Better Dwelling: Toronto real estate inventory has been increasing over the past few months, and we wanted to see what kind of sellers we're looking at. An analysis of properties listed for sale in the City of Toronto show that over 6 per cent were bought less than 18 months ago. While some have ask prices that might prove profitable, we estimate one in three of these listings are currently looking at a loss.
Composite flippers bought an average of 209 days ago
Let's start with some composite numbers, which is the aggregate of all home types. Just over 6.2 per cent of homes listed for sale in the City of Toronto have land registry records showing they were bought less than 18 months ago. On average, it took 209 days to relist — just a touch over 6 months. An analysis of ask prices show the seller is hoping to make an average of $159,477. Totally legitimate if the properties were renovated to flip, right?
Turns out the vast majority had no improvements. Only 2.3 per cent of listings we could find had any language indicating there was some sort of meaningful improvement. The average renovated property was asking $286,360 more than property records indicate the seller paid. The average unrenovated property was seeking an ask price of $157,215 above the purchase price. Let's break these numbers down a little.
1 in 3 might be unprofitable, or a loss
Yes, some are being listed for prices that would imply a loss. Just over 29 per cent of these flips are listed below the price it was bought at. If you subtract the standard 5 per cent realtor commission on top of that, that potential loss jumps to a whopping 35 per cent.
Detached flippers bought an average of 220 days ago
The most popular short-term flip in Toronto right now is detached homes. Sellers took an average of 220 days before relisting. The short-term sellers are asking for an average of $189,284 more than property records indicate they paid. There's a lot you can do with a detached unit, so it's no surprise that flippers are asking a premium.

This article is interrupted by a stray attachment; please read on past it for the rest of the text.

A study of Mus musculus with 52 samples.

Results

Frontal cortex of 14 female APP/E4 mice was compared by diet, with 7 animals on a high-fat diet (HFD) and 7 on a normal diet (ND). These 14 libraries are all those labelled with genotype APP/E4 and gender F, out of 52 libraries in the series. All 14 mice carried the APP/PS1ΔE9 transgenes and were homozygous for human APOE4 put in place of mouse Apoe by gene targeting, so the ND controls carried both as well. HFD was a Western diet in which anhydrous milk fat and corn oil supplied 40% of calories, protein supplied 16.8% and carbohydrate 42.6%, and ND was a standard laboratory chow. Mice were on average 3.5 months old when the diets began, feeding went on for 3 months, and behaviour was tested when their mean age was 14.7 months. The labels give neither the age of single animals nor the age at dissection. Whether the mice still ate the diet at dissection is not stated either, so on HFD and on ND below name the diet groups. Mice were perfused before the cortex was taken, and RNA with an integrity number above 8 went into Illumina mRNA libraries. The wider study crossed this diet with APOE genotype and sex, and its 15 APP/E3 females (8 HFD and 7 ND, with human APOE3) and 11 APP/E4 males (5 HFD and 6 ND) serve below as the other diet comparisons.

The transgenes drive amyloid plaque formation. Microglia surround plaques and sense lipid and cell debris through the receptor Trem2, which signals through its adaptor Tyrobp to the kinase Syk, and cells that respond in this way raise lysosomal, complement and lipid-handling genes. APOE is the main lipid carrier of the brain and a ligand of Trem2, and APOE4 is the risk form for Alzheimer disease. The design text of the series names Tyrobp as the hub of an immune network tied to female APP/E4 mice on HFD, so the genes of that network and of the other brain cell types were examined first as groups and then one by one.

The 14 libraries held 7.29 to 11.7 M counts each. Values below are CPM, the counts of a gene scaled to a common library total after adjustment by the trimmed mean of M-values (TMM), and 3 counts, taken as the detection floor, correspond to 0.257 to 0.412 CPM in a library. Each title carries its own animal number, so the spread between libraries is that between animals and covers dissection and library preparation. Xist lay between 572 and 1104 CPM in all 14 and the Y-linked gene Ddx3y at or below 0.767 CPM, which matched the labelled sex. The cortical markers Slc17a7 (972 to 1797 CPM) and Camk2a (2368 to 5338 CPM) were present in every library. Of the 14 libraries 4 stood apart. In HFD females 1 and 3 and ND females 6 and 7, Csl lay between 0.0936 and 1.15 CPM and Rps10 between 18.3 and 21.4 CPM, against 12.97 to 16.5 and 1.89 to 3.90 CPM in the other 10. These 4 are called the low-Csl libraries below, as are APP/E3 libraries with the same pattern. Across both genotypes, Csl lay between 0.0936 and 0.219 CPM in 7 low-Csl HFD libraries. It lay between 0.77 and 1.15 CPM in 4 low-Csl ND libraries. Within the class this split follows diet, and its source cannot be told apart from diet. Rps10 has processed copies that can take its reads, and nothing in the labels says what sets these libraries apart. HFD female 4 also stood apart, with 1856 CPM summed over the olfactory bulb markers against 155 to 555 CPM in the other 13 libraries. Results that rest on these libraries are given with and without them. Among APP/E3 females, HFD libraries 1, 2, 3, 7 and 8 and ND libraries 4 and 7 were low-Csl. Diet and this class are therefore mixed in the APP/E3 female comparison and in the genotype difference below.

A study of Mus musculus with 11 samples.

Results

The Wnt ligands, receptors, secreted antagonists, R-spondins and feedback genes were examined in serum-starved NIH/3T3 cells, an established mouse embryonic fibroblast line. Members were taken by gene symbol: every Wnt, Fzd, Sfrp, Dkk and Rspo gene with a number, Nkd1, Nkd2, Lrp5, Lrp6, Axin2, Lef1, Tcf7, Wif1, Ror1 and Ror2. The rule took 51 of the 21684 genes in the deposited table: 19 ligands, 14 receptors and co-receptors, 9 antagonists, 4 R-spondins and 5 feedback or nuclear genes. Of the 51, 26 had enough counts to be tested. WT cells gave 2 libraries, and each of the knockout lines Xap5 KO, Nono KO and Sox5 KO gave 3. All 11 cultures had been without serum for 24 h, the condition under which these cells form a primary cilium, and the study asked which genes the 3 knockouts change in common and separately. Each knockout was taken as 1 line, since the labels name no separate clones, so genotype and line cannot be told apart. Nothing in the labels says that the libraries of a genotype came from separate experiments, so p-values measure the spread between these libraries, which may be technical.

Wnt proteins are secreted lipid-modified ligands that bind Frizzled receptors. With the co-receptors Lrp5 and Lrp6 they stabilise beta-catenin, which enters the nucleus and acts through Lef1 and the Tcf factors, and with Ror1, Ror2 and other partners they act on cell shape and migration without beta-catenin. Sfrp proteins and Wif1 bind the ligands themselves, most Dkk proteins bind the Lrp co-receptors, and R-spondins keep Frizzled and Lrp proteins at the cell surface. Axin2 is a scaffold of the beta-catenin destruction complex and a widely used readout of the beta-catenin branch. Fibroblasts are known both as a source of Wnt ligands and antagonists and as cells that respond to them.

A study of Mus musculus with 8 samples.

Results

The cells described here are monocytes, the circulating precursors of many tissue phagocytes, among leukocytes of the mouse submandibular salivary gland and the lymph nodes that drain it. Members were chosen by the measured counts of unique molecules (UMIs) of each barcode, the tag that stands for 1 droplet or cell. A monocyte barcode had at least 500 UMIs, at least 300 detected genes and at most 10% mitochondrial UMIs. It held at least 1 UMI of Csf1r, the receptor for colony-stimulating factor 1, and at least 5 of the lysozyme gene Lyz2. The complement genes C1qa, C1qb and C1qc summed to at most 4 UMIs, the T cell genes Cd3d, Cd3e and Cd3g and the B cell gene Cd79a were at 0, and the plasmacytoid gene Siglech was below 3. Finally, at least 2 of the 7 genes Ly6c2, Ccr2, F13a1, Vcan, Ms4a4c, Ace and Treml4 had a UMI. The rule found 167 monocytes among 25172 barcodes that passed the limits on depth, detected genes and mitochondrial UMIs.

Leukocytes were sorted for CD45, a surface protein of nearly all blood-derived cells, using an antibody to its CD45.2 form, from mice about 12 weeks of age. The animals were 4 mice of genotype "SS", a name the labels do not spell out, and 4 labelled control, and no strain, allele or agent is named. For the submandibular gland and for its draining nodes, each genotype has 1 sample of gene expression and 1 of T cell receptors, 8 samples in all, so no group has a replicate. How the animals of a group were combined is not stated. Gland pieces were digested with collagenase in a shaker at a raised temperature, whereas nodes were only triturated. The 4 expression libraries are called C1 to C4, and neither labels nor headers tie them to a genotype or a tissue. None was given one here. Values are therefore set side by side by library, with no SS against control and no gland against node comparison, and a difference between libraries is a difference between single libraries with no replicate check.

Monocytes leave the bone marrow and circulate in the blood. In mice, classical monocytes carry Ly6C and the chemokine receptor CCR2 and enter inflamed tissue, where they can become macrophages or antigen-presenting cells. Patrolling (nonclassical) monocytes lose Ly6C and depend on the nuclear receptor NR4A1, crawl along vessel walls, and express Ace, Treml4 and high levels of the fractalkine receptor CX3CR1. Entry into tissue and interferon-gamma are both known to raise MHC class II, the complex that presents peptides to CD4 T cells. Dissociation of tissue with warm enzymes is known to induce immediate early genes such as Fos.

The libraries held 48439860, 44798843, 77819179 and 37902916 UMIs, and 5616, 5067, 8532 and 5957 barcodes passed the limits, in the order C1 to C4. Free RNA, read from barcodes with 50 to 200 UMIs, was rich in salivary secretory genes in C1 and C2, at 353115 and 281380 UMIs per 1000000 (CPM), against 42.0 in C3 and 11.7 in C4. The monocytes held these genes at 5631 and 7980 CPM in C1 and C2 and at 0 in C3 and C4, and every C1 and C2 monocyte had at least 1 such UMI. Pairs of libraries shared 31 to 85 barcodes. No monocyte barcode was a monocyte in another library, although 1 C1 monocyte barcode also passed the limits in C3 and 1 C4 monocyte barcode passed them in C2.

Watch: The problematic mentality behind Toronto's booming house prices
Although almost none of these flippers did anything with them. Only 0.15 per cent of these detached homes being flipped in this time period indicated any meaningful improvement. The renovated flips are asking an average of $304,450 dollars more than was paid. Meanwhile, the unrenovated properties were asking $188,980 more than paid. If the unrenovated units sell for anywhere near ask, there's very little incentive to have renovated.
Condo flippers bought an average of 187 days ago
The second most popular short-term flip was condos. The average flipper here took 187 days before listing after purchase. Flippers are asking for an average of $102,735 more than records indicate they were acquired.
A new paper from the National Bureau of Economic Research (NBER) makes the case that home flippers were the primary driver of the US housing crash. Yes, even more so than subprime borrowers. Now, it's unclear if these Toronto sellers bought too much house and need to liquidate, or if they bought their homes with the intention of flipping. Either case isn't great, however, and the number of people flipping now exceeds the ratio of foreign buyers in the city (3.2 per cent, at last count).